Nursing Mama & PsA

I was diagnosed with PsA shortly before becoming pregnant when I had my first appearance of a "sausage digit." I took prednisone until becoming pregnant, and then stopped. The finger returned to normal during pregnancy.

Baby is now 7 mos. old and still nursing. I currently have two fingers that are inflamed, and I am wondering what treatment course to pursue.

Has anyone received treatment while nursing? What is safe? I would continue to ignore the inflammation, but it is becoming difficult to do simple things like diaper changes!

I cant say that I can be of great help however I was watching my baby nephew during the day while his parents worked and my fingers swelled up much like yours which made diaper changers very difficult aswell however after the fingers came the back and knee and feet and neck and everything else swelling and pain and it got to the point where it was no longer even safe for me to watch him any more.....I suggest making an appointment with an rhumey and starting treatment as soon as possible so that the flare doesnt get out of control!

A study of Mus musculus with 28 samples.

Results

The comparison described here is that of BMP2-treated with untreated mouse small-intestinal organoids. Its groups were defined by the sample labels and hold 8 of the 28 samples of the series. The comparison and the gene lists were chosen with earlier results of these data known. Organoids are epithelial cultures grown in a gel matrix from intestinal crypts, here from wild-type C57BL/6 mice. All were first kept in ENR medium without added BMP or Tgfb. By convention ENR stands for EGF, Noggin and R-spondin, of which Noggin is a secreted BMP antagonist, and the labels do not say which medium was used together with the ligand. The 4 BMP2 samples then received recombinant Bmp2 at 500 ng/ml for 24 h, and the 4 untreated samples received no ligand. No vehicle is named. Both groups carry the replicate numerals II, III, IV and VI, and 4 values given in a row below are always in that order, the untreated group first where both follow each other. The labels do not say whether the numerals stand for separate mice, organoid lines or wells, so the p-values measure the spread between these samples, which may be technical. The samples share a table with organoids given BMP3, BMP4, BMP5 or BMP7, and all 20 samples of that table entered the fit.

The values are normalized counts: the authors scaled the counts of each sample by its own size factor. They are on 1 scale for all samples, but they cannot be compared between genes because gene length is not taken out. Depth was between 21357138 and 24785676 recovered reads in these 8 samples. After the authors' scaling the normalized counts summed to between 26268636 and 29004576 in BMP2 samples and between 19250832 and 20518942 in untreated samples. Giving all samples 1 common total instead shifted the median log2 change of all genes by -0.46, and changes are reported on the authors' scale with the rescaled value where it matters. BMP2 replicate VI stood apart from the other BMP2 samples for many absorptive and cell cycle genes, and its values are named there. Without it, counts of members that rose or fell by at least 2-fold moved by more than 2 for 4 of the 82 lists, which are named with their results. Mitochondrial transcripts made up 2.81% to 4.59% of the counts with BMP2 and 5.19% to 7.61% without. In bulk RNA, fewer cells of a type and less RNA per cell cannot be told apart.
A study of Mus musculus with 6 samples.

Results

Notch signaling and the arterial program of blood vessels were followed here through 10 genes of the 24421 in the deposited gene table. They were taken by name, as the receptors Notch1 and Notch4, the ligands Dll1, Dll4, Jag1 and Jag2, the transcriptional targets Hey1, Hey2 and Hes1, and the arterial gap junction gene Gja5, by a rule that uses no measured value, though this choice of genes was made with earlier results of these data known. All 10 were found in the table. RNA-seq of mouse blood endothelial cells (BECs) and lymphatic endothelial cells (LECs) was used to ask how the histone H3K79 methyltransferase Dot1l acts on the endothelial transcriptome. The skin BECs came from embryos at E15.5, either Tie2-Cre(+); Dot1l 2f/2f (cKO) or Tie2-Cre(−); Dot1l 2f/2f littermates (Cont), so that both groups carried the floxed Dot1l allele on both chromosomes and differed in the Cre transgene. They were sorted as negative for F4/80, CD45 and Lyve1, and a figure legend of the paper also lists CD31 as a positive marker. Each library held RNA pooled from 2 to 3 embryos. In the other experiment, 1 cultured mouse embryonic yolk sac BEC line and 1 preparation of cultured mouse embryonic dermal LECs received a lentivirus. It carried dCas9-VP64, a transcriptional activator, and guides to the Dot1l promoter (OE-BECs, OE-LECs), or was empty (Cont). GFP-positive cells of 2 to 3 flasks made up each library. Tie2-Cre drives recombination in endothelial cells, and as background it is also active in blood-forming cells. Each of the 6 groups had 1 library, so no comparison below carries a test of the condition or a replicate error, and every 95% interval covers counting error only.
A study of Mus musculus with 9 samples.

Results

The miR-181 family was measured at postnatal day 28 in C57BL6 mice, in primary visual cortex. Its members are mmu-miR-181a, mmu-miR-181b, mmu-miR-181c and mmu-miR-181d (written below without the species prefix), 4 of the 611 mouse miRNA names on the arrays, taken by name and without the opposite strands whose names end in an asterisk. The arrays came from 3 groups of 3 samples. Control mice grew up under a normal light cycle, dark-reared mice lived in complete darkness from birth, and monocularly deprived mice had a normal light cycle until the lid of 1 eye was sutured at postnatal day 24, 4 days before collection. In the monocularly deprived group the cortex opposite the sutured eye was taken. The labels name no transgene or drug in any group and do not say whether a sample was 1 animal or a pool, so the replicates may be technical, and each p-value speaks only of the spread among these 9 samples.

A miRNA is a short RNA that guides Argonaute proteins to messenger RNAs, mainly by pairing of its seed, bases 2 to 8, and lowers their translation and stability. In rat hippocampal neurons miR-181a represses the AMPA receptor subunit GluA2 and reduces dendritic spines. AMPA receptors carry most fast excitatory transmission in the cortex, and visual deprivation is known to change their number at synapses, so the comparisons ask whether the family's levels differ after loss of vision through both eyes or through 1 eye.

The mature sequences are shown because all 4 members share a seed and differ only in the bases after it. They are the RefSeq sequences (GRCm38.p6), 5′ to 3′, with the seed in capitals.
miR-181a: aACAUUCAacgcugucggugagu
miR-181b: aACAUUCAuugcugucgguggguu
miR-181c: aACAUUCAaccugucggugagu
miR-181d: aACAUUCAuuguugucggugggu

Good Luck!

I'd suggest you talk to your rheumatologist about what treatment might work best for you while nursing, and also contact an IBCLC (internationally board certified lactation consultant). They can contact Dr. Thomas W. Hale (more info at, author of "Medications and Mother's Milk" and speak to him or his staff if they have any questions.

Here's part of what Medications and Mother's Milk has to say about Prednisone: "In small doses, most steroids are certainly not contraindicated in nursing mothers.... Following administration, wait at least 4 hours if possible prior to feeding infant to reduce exposure. With high doses (>40mg/day), particularly for long periods, steroids could potentially produce problems in infant growth and development... "

Here's part of what Medications and Mother's Milk has to say about Enbrel: "Due to its enormous MW (150,000 daltons), I still believe it is extremely unlikely that clinically relevant amounts owould transfer into milk in actively breastfeeding mothers. In addition, due to its protein structure, it would not be orally bioavailable in an infant. Infliximab is somewhat similar and is apparently not secreted into human milk. "

Infliximab is Remicade.

I'm a breastfeeding mother who takes Enbrel. I made the decision to do so after reading the information in Medications and Mother's Milk and speaking with Dr. Hale.